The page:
Pumping for More Gas Taxes
Some view the recent decline in gas prices as an opportunity.
The GOP should not prioritize increasing the gas tax in this session of Congress. But some Republicans view the recent precipitous decline in gas prices as an opportune time to increase the gas tax. After all, the 2016 presidential election will be here in the blink of an eye and the GOP needs examples of leadership to sway the traditionally liberal voters who only show up every four years.
Sen. John Thune (R-SD), the incoming chair of the Senate Commerce, Science and Transportation Committee, says the GOP is considering a proposal to increase the number of cents the federal government siphons from every gallon of gas sold in the U.S. to better fund the Highway Trust Fund.
He’s not alone. Senators Bob Corker (R-TN) and Chris Murphy (D-CT) have advocated for years to raise the tax to get more money flowing into the fund that reimburses states for highway projects and mass transit ventures. The last time the tax was raised was 1993, but since then inflation and costs creep upward while people consume less gas. Congress has bolstered the fund with five injections of billions of dollars from the general fund since 2008 alone.
And now, with the average gallon of American gas costing $2.19, Republicans in Congress think America’s motorists won’t feel a gas tax hike. As Corker said, “Hopefully this is something again over the next several months, especially with energy prices being where they are, that can gain some momentum and show that Congress can go from A to B and can solve a problem with a user fee, which by the way is the most conservative way in the world to generate revenues.”
Corker is right in saying a consumption tax is the most conservative tax policy. But a decent tax policy doesn’t make up for a badly executed government program. Congress has plenty of room to reduce costs and make the Highway Trust Fund more efficient before it hits drivers again at the pump.
As it stands now, the Highway Trust Fund is a bloated spawn of the big-government idealism of the 1950s. The federal government needed a way to fund the stretches of Dwight Eisenhower’s interstates and the fund was born. In the ‘80s, the fund started to provide money for mass transportation projects – something that can easily become pet projects for Washington fat cats.
At the fund’s heart lays a flaw: It warps federalism. The states start the projects, but then the federal government decides motorists in West Virginia, Pennsylvania and other states should help pay for a $3.9 billion bridge that will span the Hudson River to replace the aging Tappan Zee Bridge.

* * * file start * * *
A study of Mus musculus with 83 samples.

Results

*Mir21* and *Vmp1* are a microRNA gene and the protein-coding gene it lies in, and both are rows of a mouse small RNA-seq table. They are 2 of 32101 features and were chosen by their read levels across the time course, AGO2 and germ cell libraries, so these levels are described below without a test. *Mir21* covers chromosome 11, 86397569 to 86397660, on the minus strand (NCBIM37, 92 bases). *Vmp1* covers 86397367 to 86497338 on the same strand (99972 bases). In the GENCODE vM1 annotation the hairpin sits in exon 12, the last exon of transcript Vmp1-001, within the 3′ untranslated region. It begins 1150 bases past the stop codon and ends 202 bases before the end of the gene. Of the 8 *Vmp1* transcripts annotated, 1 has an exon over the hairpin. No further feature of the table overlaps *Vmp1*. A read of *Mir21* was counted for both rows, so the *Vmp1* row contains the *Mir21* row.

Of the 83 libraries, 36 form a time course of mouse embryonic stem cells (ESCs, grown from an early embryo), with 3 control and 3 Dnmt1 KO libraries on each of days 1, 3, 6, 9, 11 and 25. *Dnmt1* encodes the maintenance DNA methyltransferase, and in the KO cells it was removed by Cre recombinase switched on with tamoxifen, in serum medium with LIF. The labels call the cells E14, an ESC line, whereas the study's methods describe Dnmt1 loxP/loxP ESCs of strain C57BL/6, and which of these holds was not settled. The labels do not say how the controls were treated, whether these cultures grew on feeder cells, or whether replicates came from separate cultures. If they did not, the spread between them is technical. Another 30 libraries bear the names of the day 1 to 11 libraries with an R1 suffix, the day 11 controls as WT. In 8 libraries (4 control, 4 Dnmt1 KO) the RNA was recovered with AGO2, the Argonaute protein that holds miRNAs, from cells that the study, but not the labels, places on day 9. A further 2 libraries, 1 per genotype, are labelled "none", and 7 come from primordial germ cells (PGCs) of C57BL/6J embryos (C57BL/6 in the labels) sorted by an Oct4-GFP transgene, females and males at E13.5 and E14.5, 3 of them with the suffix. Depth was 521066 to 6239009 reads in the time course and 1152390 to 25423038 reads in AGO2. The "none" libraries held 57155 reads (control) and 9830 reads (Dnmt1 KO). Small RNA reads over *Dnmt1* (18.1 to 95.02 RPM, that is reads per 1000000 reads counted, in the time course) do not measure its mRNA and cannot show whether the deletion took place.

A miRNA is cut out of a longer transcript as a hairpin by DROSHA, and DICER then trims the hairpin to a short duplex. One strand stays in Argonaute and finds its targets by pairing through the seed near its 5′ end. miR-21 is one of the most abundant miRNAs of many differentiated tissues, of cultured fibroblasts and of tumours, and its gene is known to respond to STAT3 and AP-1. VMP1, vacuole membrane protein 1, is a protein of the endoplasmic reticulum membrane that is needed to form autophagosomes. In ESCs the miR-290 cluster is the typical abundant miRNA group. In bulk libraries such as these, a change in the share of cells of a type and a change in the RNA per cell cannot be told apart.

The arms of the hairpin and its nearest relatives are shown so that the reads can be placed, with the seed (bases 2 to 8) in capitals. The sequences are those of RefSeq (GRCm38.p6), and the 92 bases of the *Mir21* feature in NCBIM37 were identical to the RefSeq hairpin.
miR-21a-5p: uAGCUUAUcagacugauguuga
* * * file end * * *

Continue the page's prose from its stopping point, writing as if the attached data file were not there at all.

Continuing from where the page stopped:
As Reason’s Peter Sunderman writes, “Is Congress really the best organ for making decisions about road projects all around the nation? Some of those decisions, at minimum, are probably better left to the states.”
Instead of raising the gas tax, Congress has options for how it will keep the money rolling toward transportation projects, according to Douglas Holtz-Eakin at Real Clear Policy. Of course, it can continue to do what it always has done: pass another temporary spending measure in a similar way it has been funding the whole government budget for years now. Or it can reform the Highway Trust Fund by finding a new revenue stream, or work with private companies to fix America’s infrastructure. Furthermore, Congress could repeal the Depression-era Davis-Bacon Act, which mandates “prevailing wages” (read: union wages) for public works projects, to allow contractors to better compete.
States already are taking more responsibility for maintaining interstates and bridges that run through their lands. Michael Barone notes, “More than 30 states have passed transportation fiscal measures in the last three years.”
Meanwhile in Washington, the White House has rejected the idea of a gas tax and instead pushed for its tired, old mantra to assuage the nation’s ills: taxes on the wealthy. Responding to a question about the proposed gas tax hike, White House Press Secretary Josh Earnest said, “We have put forward our own specific plan for closing loopholes that only benefit wealthy and well-connected corporations, and using the revenue from closing those loopholes to [invest] in badly needed infrastructure upgrades.”
Furthermore, The New York Times reports other members of Congress find the idea of a gas tax bump unpopular. With a new majority in place, Republicans should not make increasing a tax for a bloated government dole a cornerstone of their next two years in Congress. There are more important fights.